After traveling the world, Gale Dick, a retired University of Utah physics professor, decided the best place he had ever visited was in his own backyard.
"The most amazing place I’ve ever been, the most stunning place in the world is the Lone Peak Cirque, without a doubt. It is truly a magnificent and wonderful place," Dick said a few years ago, according to Carl Fisher, executive director of Save Our Canyons.
That love of the Wasatch Mountains, as well as of the community, prompted Dick to co-found Save Our Canyons in 1972 and work to protect the wilderness. His death on Friday at age 88 "has left a gaping hole in our hearts and our lives," Fisher said.
"It will take nothing short of an army of passionate people to fill the shoes of this one man," Fisher said Saturday.
Dick’s son Tim Dick said his father died at University Hospital of natural causes.
Salt Lake County Mayor Ben McAdams said he considered Dick to be an important adviser on environmental issues affecting the Wasatch canyons.
"Even though he fought hard for preservation, he was always courteous and listened with an open mind," McAdams said. "We will all miss his intelligence, humor and, above all, dogged persistence on behalf of our Central Wasatch Mountain home."
Dick was born June 12, 1926, in Portland, Ore. He served in the Navy at the end of World War II and was a Rhodes scholar who studied at the University of Oxford, his son said. He became a member of the U. physics department in 1959 and researched matter theory. During his four decades at the school he served as a faculty member, administrator, department chairman and dean of the graduate school.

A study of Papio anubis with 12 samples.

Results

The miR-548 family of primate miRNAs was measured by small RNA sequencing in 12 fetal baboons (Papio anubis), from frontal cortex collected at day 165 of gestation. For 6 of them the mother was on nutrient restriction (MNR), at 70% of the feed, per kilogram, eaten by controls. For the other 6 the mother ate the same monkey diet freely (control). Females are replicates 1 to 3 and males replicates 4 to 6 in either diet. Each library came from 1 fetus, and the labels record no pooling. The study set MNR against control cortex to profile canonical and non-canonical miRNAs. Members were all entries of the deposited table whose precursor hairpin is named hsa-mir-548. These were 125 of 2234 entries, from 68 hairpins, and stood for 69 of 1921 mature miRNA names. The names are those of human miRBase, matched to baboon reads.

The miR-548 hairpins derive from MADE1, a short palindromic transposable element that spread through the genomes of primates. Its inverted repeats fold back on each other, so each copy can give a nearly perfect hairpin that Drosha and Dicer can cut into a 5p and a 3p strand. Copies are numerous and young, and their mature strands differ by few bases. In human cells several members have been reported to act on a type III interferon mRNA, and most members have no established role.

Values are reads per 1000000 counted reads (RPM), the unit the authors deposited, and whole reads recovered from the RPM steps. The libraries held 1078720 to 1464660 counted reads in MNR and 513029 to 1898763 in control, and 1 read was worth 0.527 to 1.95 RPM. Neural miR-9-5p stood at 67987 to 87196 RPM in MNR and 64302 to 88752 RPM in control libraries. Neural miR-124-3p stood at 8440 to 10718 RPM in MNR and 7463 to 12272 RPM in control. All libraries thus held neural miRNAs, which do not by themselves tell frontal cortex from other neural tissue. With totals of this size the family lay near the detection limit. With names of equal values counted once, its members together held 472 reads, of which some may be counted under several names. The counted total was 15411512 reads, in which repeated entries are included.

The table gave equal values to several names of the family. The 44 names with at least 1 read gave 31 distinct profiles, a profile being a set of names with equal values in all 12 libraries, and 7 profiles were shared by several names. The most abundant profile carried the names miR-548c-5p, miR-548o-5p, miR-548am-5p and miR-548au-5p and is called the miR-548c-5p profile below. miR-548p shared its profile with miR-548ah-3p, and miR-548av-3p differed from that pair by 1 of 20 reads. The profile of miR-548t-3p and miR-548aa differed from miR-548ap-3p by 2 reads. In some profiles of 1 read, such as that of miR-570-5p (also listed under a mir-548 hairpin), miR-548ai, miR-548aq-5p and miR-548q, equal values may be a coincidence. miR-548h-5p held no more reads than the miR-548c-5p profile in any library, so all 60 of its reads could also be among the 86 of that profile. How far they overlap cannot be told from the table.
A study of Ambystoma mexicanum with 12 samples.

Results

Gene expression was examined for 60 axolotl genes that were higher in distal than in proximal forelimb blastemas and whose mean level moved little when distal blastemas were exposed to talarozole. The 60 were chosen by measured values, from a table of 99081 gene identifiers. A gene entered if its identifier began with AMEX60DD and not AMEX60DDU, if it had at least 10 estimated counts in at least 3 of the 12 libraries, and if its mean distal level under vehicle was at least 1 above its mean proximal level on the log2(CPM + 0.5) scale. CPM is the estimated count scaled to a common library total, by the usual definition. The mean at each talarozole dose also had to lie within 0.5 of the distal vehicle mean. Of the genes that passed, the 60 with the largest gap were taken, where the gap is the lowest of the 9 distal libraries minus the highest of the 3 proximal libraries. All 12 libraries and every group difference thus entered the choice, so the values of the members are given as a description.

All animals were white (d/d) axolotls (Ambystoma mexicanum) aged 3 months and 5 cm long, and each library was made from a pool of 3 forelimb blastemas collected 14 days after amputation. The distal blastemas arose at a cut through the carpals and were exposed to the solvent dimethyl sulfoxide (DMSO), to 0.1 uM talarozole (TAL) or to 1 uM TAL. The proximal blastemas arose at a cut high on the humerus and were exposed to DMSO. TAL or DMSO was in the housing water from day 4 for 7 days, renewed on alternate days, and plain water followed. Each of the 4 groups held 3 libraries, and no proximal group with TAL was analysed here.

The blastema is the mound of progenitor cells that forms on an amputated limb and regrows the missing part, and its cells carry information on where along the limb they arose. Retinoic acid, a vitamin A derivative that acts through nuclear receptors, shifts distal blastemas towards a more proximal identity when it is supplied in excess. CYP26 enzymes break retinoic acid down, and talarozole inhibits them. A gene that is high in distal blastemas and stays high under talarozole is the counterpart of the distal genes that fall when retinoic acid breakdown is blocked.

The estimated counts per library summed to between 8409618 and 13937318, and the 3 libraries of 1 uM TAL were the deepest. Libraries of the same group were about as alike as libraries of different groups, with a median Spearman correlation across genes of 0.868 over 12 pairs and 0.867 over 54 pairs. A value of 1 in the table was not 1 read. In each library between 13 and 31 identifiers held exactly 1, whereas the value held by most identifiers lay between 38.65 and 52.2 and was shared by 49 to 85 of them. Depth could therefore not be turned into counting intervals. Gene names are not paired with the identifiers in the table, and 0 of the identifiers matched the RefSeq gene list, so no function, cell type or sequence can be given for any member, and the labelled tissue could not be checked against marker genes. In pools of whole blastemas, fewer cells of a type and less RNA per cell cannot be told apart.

His passion was preserving the canyons, Tim Dick said. Dick served on the Save Our Canyons board since its 1972 founding and "that was his full-time job after he retired from the university," Tim Dick said.
Often his advocacy put him at odds with ski resorts. He unsuccessfully opposed the land swap that prepared Snowbasin Resort for the 2002 Olympics and was a frequent critic when the resorts in Big and Little Cottonwood canyons wanted to add lifts or expand their ski terrains. Dick was concerned that development would detract from the natural beauty of the Wasatch Mountains and have environmental consequences, including erosion of Salt Lake City’s watershed.
When Save Our Canyons marked its 40th anniversary, the organization listed successes such as helping to get Lone Peak designated as Utah’s first wilderness area, keeping 2002 Winter Olympic venues out of the Cottonwood Canyons, the passage of the 1989 Wasatch Canyons master plan and the elimination of commercial flight paths over much of the range.
In addition to his environmental advocacy, Dick found time for music and community service. He was a violinist in various chamber music groups and was one of the founders of the Chamber Music Society of Salt Lake City.
In addition to Tim Dick, he is survived by his wife, Ann; a son, Gale; a daughter, Robin; seven grandchildren and two great-grandchildren.
A service will be held sometime in the fall, Tim Dick said.